On our previous Jewish heritage tours through Amsterdam, we explored its role as a place of refuge and prosperity for many disparate Jewish groups, from the first wave of Sephardim fleeing Iberia, to the latter groups of Ashkenazi Jews who settled there in later centuries. Amsterdam is one of those busy cities where significant historical events just occur. Just look at the history of the Jewish printing press, developed in Holland’s own capital city. Many great Jewish works were published in Amsterdam, including the Mesilat Yesharim (“Path of the Upright”) of Rabbi Moshe Chaim Luzzatto, or Ramchal. Ramchal was a wise, thoughtful thinker with an eventful life, whose presence had an impact in the era in which he lived in.

The Life of Ramchal

Wall painting of Moshe Chaim Luzzatto (aka Ramhal), at the wall of Akko’s Auditorium, Israel. (c) en.wikipedia.org/wiki/Moshe_Chaim_Luzzatto

Rabbi Moshe was born in the Italian city of Padua, circa 1707. He was born in a wealthy family with a well-known name, for the Luzzattos were prolific scholars in the region. As a young man, Moshe Chaim was quite studious, a prodigy interested in literature, religion, poetry, and Kabbalistic thought. Before he would publish his great works later in life, he was already composing plays and writing books.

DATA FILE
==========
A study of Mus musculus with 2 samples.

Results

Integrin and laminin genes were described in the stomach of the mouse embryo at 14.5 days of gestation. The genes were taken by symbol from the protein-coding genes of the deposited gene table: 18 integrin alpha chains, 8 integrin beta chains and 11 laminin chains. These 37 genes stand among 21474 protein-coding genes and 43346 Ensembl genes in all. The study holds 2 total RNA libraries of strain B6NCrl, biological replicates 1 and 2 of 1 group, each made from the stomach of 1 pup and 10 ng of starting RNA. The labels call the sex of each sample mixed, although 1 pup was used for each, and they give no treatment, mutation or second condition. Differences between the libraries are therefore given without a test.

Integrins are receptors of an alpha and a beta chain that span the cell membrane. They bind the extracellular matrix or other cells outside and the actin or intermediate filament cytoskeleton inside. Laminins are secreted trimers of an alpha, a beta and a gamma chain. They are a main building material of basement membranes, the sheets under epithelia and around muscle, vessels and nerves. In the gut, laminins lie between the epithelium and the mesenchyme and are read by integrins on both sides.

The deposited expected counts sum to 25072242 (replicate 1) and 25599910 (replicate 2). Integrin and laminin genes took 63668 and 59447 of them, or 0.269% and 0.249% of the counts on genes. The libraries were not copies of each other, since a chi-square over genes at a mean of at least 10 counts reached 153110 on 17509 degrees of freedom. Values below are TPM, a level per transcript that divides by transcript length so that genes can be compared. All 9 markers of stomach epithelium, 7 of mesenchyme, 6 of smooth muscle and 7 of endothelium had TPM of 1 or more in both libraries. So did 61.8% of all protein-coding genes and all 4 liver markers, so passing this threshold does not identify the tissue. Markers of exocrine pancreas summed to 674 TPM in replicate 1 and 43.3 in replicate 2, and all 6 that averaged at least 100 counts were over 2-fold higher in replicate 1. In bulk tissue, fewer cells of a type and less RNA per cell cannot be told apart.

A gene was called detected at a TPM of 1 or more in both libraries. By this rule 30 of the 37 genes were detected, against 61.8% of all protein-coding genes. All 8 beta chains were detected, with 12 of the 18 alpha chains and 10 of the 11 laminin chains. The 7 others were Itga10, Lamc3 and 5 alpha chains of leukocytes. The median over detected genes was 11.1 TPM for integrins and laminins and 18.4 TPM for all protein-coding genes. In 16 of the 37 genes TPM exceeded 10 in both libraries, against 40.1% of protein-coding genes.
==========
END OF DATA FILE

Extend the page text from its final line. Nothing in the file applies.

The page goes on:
One day, when he was around twenty years old, Ramchal said that a maggid visited him and revealed to him great knowledge and secrets. News of this became well-known among the Padua Jewish community, and fearing that he would become another Shabbatai Zvi (a Jewish figure that, decades ago, claimed to be the Messiah but converted to Islam, disappointing his followers), Ramchal was threatened with ex-communication if he were to discuss Kabbalah. Ramchal left for Amsterdam.

Ramchal settled down with his family in Amsterdam, not teaching Kabbalah but contributing to Jewish religious thought via his Mesilat Yesharim, a book that details a step-by-step process to become holier as a person. He also wrote Derekh Hashem, a comprehensive book on Judaism’s core thoughts. Despite his renown among several major figures in his time, Ramchal could still not teach Kabbalah, and his family left Amsterdam for Acre, Israel in 1743. However, this was where they perished from an unknown plague. Ramchal was 39 when he died, in 1746.

From Amsterdam to the Yeshiva

Ramchal’s greatest work, the Mesilat Yesharim, continues to be studied in Yeshivas in the modern-day. Likewise, his Derekh Hashem provides great insights regarding divine questions regarding G-d’s purpose, and that of G-d’s people. Many of his works were lost in time, due to events that he could not control, from religious writings to literary works. But for the material we do have, we can see that Ramchal’s influence was strong in his time, and even long afterward. A future kosher travel expedition to Amsterdam can be further enriched with knowledge of his work.